The positive effect of static passive stretching on flexibility is undeniable, with studies reporting improvements in joint range of motion (ROM) following all types of stretching appearing ubiquitously throughout the scientific literature (Behm et al., 2016; Behm et al., 2021; Duong et al., 2001). In addition, researchers have posited various mechanisms underlying changes in flexibility in response to stretching over the years, which are discussed briefly in this post.
Stretch (Pain) Tolerance
For decades, structural changes in muscle fibre length were believed to be the primary mechanism for stretch-induced changes in flexibility. However, the lack of modifications in muscle stiffness following stretching in several studies led to the rise of an opposing theory, namely that increased ROM after stretching was primarily caused by alterations in stretch tolerance (Magnusson et al., 1996).
A stretch is initially uncomfortable because the central nervous system (CNS) interprets the signals transduced via mechanoreceptive cells in the tissues being stretched as a danger to the structural integrity of those tissues. Subsequently, the brain creates an output of brain that is associated with the amount of tissue deformation. Put differently, the greater the stretch, the more the CNS interprets tissue length as potentially risking injury to the health of the affected tissues.
When the same stretch is repeated over time - and the tissues are exposed to the same amount of deformation or change in length - the CNS realises that the health of the tissues is not at risk, so it lowers the threat value of the stretch. The result is decreased perceived pain, and a trainee can stretch further (Folpp et al., 2006; Ben & Harvey, 2010; Chan et al., 2002).
Human skeletal muscles display viscoelastic behaviour in response to tensile loads imparted by stretching, which is not influenced by reflex activity of the neural apparatus embedded within the muscle-tendon unit (Taylor et al., 1990; Ryan et al., 2012). Creep is a viscoelastic characteristic in which tissues continuously lengthen with time when a load (stress) is applied and held constant.
It is a rheological property (i.e., stress-strain relationships) and a key feature of living cells that enables them to adapt to external stresses and varying mechanical properties of their environment. Researchers measure creep using a technique called rheometry, which involves stretching a single living cell between two glass microplates - one rigid and the other flexible - and the stiffness of the flexible plate is calibrated such that the researchers can calculate the force applied to the cell by how much it causes deflection (bending) of the plate.
Zitnay and colleagues (2020) theorised that damage to collagen molecules is the principal mechanism for creep in tendons. When tissues display creep, they stretch further but will usually return to their original length some time after the tensile load is removed. Therefore, acute increases in ROM caused by tissue viscoelasticity are temporary, which helps to explain why flexibility tends to return to baseline levels after a single stretching application.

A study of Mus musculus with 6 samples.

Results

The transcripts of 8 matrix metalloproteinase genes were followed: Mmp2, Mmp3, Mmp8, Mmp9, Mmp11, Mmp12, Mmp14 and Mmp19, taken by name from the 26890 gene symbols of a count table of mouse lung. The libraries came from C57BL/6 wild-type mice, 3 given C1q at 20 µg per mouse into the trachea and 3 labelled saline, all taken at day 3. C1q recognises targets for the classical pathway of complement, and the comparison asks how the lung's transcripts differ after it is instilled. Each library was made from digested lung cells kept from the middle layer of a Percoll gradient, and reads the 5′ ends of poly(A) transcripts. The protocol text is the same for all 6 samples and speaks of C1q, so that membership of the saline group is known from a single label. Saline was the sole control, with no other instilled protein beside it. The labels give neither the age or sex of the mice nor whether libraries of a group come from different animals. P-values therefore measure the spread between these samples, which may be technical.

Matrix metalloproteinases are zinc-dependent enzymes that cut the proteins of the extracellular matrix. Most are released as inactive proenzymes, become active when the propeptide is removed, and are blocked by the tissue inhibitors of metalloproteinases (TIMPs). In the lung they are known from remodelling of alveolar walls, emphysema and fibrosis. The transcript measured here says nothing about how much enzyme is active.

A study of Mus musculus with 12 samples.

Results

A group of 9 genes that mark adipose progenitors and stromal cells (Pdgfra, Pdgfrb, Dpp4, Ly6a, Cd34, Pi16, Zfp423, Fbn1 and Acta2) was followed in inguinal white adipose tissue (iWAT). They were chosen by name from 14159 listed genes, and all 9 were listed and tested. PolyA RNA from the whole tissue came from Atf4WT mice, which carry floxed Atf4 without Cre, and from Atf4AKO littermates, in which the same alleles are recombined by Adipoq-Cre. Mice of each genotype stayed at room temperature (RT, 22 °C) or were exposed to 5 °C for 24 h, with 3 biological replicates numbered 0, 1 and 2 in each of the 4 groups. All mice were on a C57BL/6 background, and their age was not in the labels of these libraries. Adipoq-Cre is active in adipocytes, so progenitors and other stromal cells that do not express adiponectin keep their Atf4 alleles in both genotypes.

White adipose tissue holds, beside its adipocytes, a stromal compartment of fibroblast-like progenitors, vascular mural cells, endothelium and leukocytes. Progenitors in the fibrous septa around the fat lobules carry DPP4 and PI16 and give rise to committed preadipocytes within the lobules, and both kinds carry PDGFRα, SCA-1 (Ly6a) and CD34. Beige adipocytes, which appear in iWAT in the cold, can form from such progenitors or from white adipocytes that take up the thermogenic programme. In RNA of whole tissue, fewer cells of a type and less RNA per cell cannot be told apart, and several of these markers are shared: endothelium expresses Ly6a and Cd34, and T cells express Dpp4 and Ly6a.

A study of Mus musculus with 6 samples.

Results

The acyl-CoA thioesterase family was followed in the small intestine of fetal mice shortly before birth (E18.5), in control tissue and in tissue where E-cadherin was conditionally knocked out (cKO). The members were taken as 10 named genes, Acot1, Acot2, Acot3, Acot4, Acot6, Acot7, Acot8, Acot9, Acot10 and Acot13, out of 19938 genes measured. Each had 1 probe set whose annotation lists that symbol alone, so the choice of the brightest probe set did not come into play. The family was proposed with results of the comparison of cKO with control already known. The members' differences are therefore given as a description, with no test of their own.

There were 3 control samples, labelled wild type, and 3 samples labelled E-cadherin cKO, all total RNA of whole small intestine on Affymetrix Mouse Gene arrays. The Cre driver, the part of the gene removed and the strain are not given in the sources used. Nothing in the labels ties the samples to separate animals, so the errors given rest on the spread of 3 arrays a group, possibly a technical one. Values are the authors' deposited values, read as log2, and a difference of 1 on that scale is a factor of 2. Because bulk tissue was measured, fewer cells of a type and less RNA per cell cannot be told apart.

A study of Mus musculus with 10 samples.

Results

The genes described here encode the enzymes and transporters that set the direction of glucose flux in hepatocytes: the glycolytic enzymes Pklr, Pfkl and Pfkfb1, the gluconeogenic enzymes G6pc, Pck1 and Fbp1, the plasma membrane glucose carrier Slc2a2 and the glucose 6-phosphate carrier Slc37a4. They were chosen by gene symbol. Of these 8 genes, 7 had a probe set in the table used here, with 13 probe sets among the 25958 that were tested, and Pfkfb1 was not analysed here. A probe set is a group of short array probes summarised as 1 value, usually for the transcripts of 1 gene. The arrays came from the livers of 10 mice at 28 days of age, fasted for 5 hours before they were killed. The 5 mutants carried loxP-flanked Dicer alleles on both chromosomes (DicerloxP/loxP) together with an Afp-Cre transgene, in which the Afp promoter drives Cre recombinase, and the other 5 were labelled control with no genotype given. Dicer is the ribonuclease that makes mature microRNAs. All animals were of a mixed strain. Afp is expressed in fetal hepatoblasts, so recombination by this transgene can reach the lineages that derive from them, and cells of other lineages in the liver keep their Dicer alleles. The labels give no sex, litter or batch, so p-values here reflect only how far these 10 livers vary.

Stretch Reflex Inhibition
Stretching can influence afferent (sensory) inputs to the nervous system, which can change excitability in the brain and spine (Matthews, 1981). It is common to see authors claiming that static passive stretching always has an inhibitory effect on neuromuscular activity. However, reports of the effect of stretching on muscle activation as measured by surface electromyography (sEMG) are often contradictory.
For example, reductions in sEMG activity have been reported immediately after static passive stretching (Babault et al., 2010; Marchetti, 2022) and even up to 1 hour afterwards (Avela et al., 1999). However, other studies demonstrated no significant sEMG reductions after static passive stretching, even when stretches were held for significant durations of 2 minutes (Kay and Blazevich, 2009) or even 5 (Mizuno et al., 2014), 9 (Herda et al., 2008), or 10 minutes (Barbosa et al., 2019). The contribution of reflex modifications to increased flexibility in long-term stretch training is probably smaller than is often reported in the literature.
The increase in number of studies reporting no changes in muscle-tendon unit stiffness led to a concomitant growth of claims by health and fitness professionals that static passive stretching does not alter structural or morphological properties of musculoskeletal tissues.
However, it is worth considering that authors of many of the studies that reported no changes in muscle stiffness following static passive stretching failed to do two critical things: 1) they did not evaluate fascicle length with ultrasound imaging, and 2) they measured stiffness at short muscle lengths (changes in the length-tension relationship, and therefore stiffness, will be observable at long muscle lengths).
Several studies have reported observable changes in fascicle length, likely caused by longitudinal hypertrophy of muscle cells (Freitas and Mil-Homens, 2015; Simpson et al., 2017; Panidi et al., 2021). However, keep in mind that stretching adaptations are mostly neural in the first eight weeks of training, and thus architectural changes are presumably a chronic response to flexibility training.
There is no doubt that static passive stretching increases flexibility, but the underlying mechanisms are somewhat more contentious. Current evidence points to four primary ways in which stretching causes positive changes in ROM: 1) alterations in pain tolerance, 2) viscoelastic characteristics of skeletal tissues, 3) inhibition of neural reflex processes, and 4) muscle fibre longitudinal hypertrophy. Increased flexibility in the first 3 to 8 weeks is likely caused mainly by improved tolerance to the discomfort of stretching, with structural changes occurring much later.